Spain 2 Uruguay 1
Man of the Match: Andres Iniesta
RECIFE, Brazil // Spain showed exactly why they are world and European champions as they kicked off their Confederations Cup campaign with a dominant, stylish victory against Uruguay at Arena Pernambuco.
Pedro opened the scoring after 20 minutes before Roberto Soldado added a second 12 minutes later. La Celeste striker Luis Suarez struck a wonderful free-kick late in the game, but it proved little more than a consolation as the 2010 World Cup winners took the driving seat in Group B. Nigeria face lowly Tahiti in the group's other match later today.
"This was a good match, played under conditions that demanded a lot from players," Vicente del Bosque, the Spanish coach, said. "I believe we dominated at all times, with the exception of a few minutes when we conceded a goal."
Andres Iniesta, the hero of the final in Johannesburg three years ago, was again central to a magnificent Spanish performance, pulling the strings in the midfield with all the guile and creativity of a master puppeteer. His step-over in the 10th minute almost led to the opening goal, but Cesc Fabregas's resultant strike cannoned back off the post.
Ten minutes later, Spain took the lead when Pedro latched on to a loose ball and struck a fierce drive that deflected off the outstretched leg of Diego Lugano, the Uruguay captain, and past goalkeeper Fernando Muslera.
Uruguay were struggling to show any attacking intent, their best chance of the first half coming from a well-worked free-kick that narrowly missed the head of Napoli's Edison Cavani.
"Before every game, you guess how events will unfold," Del Bosque added. "You have an image of what the game might be and it was thinkable that we might have the initiative, but we knew they had a way to hurt us and we completely nullified them. Our actions stopped them and it gave us a very good result."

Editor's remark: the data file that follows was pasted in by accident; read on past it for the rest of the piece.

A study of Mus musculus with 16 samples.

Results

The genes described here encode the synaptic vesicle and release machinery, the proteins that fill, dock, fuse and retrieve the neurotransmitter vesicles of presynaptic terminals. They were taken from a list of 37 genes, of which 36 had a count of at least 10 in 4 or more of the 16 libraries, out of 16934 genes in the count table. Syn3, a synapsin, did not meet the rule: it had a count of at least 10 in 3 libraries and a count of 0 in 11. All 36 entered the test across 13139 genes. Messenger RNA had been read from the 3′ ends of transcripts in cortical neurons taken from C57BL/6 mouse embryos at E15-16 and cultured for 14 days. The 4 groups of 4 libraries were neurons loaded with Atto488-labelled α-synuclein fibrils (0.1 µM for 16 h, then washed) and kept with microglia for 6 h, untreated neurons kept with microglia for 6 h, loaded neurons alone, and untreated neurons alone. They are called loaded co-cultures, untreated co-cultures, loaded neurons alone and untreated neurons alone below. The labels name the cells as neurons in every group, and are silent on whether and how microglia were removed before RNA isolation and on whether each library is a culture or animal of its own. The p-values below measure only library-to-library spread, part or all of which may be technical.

In the 32nd minute, Iniesta, with his back to goal, collected the ball near the centre circle and telepathically fed it forward. With Uruguay struggling to get back, Fabregas collected a cross and edged forward before playing a clever pass to Soldado, who made no mistake from 10 yards.
The Valencia forward could have snatched his second five minutes after the break, but Pedro's cross from the right proved just out of the striker's reach. As Spain settled again into their rhythm, their opponents were left chasing shadows. Oscar Tabarez, the Uruguay coach, introduced Nicolas Lodeiro in a bid to give more organisation to his side, but Spain were able to continue passing the ball around the centre of the pitch without really probing too much. Jeers eventually grew among the 41,705-strong crowd.
Cavani and Luis Suarez cut frustrated figures in the Uruguay attack, with the latter rarely getting a sniff of the ball. Yet it was the controversial Liverpool striker who gave his country a lifeline when, in the 88th minute, he curled a magnificent free-kick past Iker Casillas from 30 yards. Ultimately, it proved too little too late and had the South Americans sneaked an equaliser it would have been undeserved.
Tabarez had no complaints.
"Spain were far superior at all times," he said. "They justified their victory at all times, particularly during the first half. We did not have the organisation or the recovery of the ball as necessary. We made changes and tried appealing to [the players'] shame and dignity. In spite of the fact the opponent continued to be superior, we saw a more logical game, while accepting our opponent brought down their own pace of the game. Our professional image is something we rescued. It was a dignified defeat."
Spain, the world's top-ranked team, face Tahiti next. The Polynesian nation are ranked 138th in Fifa's official world rankings and have only one professional player. Uruguay meet African champions Nigeria on Thursday.